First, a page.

The Silver Arrows are not ready to take on “the Bulls”. Or that’s my takeaway from last weekend’s United States Grand Prix.
Mercedes have performed admirably in so many respects this year, delivering a level of consistency that would be the envy of the rest of the grid and perfect for where they will finish in the Formula 1 Constructors’ Championship. That place is second of course, and there lies the problem.
To use a well-worn, but appropriate cliché, Mercedes snatched defeat from the jaws of victory at COTA. I’m not citing the disqualification here. Fifty per cent of the F1 teams would probably have failed if tested too. Unfortunately, it’s a random check, and whilst it feels unjust, them’s the agreed rules.
What should be hurting them is the poor strategy and even poorer pit stops. Not something you would normally associate with Team Toto. It’s been a while, but for the first time in two years, the car looked like it could snatch a cheeky win. Unfortunately, the team were not in winning mode.
Red Bull, of course, were. Christian Horner was not wearing his normal confident face this weekend, and despite the convincing victory in the Sprint race, he seemed to carry a sense that the main event was not going to fall into their lap as usual.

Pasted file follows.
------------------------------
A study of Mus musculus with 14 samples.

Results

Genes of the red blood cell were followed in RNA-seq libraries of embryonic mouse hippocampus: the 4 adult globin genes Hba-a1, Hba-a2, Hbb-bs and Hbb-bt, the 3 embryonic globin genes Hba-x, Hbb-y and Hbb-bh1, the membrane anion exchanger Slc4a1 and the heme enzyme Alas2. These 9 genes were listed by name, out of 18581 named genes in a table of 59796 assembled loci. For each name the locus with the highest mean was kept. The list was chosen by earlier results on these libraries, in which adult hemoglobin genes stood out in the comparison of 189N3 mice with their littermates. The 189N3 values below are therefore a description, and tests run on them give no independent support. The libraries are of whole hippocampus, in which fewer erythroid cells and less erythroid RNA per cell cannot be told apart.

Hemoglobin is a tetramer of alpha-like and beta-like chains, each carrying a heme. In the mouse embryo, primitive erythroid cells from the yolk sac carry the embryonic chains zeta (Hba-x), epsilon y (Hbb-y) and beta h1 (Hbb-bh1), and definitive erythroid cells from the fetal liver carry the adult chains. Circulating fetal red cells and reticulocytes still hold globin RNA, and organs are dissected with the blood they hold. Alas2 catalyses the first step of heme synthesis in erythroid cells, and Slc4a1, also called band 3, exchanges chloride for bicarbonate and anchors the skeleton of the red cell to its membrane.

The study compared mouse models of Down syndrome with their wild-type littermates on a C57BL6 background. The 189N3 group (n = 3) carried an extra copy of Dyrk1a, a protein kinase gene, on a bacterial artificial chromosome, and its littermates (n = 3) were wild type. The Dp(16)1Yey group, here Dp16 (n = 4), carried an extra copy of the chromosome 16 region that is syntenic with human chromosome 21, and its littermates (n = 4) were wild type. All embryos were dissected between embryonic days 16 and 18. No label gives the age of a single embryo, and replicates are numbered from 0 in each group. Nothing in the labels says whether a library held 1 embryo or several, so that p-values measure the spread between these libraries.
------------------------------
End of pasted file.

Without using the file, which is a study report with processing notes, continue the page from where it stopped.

This was further evidenced by the radio transmissions of Max Verstappen. The Dutchman repeatedly complained about the quality of his brakes and the interruption of his engineer whilst doing it. However, this didn’t seem to stop him from winning of course, but this time by an abnormally narrow margin.
Unsurprisingly, both Mercedes drivers raced with full commitment to winning. Lewis Hamilton was breathless during his interview at the end of the race. Obviously having given it 110 per cent to try and overhaul Verstappen. Unfortunately for him, the team did not believe the car and the driver could do the job racing wheel to wheel and erred on the tyre wear and pit box delta cards — a first-loser strategy.
Plan: Win anyone?
The Silver Arrows now need a mental reset. Finishing first has always been the objective, but the unconscious acknowledgement that Max and Co. are not beatable has pushed them into a competitive rut. The car may not be as quick as the RB19, but it doesn’t have to be.
Max’s apparent invulnerability is partly rooted in his belief that no one can get close. Mercedes and Hamilton proved they could. Play for the win, pick up the pace on the pit stops and the Silver Arrows can stand on that elusive top step again. Maybe the thin air of Mexico will play into their hands this weekend?